The Tonopah family that has been mining turquoise for generations is featured in TV series that premiere in August on the general entertainment television network INSP.

Turquoise Fever follows the Otteson family as they mine turquoise in the rugged Nevada desert just outside of Tonopah. The Ottesons have been mining in the area for three generations and they operate dozens of mines.

Tristan Otteson, a third-generation turquoise miner, who is learning the ropes of turquoise mining in the show while working under his dad, uncle, and aunt, said that he hopes the show will help the audience to understand all of the work that goes into mining of turquoise.

“People see turquoise all the time, they see it in jewelry stores and everywhere, but nobody ever thinks, ‘How did that piece of turquoise get into that jewelry or where did it come from?’ What we want people to take from it is how hard of work it really is to mine this precious stone out of the ground and on top of that the beauty and the importance of turquoise to us and our family,” Otteson said.

Craig Miller, VP of original programming and development for INSP, said that while the Ottesons face unpredictable weather, treacherous terrain, and dangerous dynamite blasts, they have unearthed some of the most valuable turquoises in the world.

“It’s a rugged life, but it is the same type of quintessentially American story that is seen in INSP’s classic programs, such as ‘Little House on the Prairie,’ ‘Daniel Boone,’ and ‘Bonanza,’ in which families head off to the frontier in order to carve out a life for themselves,” Miller said.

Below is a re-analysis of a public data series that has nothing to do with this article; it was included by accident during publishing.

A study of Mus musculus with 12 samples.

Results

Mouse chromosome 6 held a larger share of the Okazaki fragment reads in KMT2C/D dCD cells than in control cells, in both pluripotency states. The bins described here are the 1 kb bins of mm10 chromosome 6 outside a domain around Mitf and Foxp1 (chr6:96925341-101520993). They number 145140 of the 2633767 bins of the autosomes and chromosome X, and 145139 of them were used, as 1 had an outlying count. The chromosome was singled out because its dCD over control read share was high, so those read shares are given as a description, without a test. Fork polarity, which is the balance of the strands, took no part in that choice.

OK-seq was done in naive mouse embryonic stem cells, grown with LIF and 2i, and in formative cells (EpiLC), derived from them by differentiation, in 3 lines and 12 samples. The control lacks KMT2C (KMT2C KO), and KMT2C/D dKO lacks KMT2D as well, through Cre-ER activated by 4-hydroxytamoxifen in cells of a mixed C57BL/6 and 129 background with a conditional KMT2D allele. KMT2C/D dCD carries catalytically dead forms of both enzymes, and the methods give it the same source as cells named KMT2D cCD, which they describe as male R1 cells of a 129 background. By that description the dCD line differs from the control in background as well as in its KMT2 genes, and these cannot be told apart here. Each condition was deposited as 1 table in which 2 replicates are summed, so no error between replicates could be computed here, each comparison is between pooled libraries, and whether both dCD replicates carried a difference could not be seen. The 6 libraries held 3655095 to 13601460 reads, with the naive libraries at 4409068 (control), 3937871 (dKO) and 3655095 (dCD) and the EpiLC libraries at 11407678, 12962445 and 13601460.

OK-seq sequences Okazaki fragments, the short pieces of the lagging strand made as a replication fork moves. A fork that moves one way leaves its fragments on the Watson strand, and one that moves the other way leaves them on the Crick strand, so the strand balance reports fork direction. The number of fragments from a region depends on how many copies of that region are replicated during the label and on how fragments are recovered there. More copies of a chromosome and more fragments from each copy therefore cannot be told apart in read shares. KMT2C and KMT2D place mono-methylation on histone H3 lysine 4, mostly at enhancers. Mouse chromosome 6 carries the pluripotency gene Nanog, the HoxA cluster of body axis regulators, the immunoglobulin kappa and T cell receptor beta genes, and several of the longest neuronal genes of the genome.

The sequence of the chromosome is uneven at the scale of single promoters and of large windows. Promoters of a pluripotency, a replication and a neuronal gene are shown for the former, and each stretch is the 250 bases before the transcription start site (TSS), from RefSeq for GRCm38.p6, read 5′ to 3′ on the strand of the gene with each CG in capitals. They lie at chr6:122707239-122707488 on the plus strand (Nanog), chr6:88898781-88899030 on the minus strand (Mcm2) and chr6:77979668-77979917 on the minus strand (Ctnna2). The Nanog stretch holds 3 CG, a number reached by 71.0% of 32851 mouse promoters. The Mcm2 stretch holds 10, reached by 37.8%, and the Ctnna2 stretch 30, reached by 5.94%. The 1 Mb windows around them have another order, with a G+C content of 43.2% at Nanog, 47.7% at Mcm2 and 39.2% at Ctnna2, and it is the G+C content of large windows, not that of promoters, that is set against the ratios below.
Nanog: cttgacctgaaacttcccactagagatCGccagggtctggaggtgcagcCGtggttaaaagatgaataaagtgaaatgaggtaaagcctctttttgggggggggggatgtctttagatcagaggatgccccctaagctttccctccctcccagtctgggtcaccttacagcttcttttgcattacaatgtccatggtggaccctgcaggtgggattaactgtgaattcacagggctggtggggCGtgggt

Miller said that while turquoise is often thought of as a low-end stone sold at tourist traps, viewers are going to learn about its high quality and value.

“They ( the Otteson family ) are hopeful that they can continue to teach successive generations how to find turquoise in the vast desert landscape. To outsiders, it may seem like finding a needle in a haystack, but there is a fortune in turquoise buried under the sand and stone if you just know where to look,” he said.

But Turquoise Fever isn’t just about the technicalities and business of mining turquoise, it’s also about the legacy of the Otteson family.

The Ottesons have been mining turquoise in Nevada since Lynn Otteson staked his first claim in 1958. Now, the third generation of the Otteson family is mining some of the same lands that Lynn Otteson worked.

“The show will absolutely hold no punches. It is as down to earth and as real as it gets when we are out there mining turquoise,” Tristan Otteson said.

The concept was pitched to INSP by Silent Crow Arts in New York, Miller said.

“The producers at Silent Crow showed us some video of the Otteson family, and we were instantly taken in by the interesting characters, the beauty of the turquoise, and the stark desert setting. We air a lot of Western programming, and this has the look and feel of a modern-day Western. The Ottesons own horses and wear cowboy hats, they just wrangle rocks instead of cattle,” Miller said.

After completing the pilot in March 2018, INSP decided to do in-depth focus testing and research to further refine the concept, Miller said. The series was filmed nearly a year later over the course of 25 days in February and March of 2019. Along with the pilot, the series will launch with seven episodes.

Turquoise Fever will premiere on INSP on Aug. 14 at 6 p.m. Pacific time.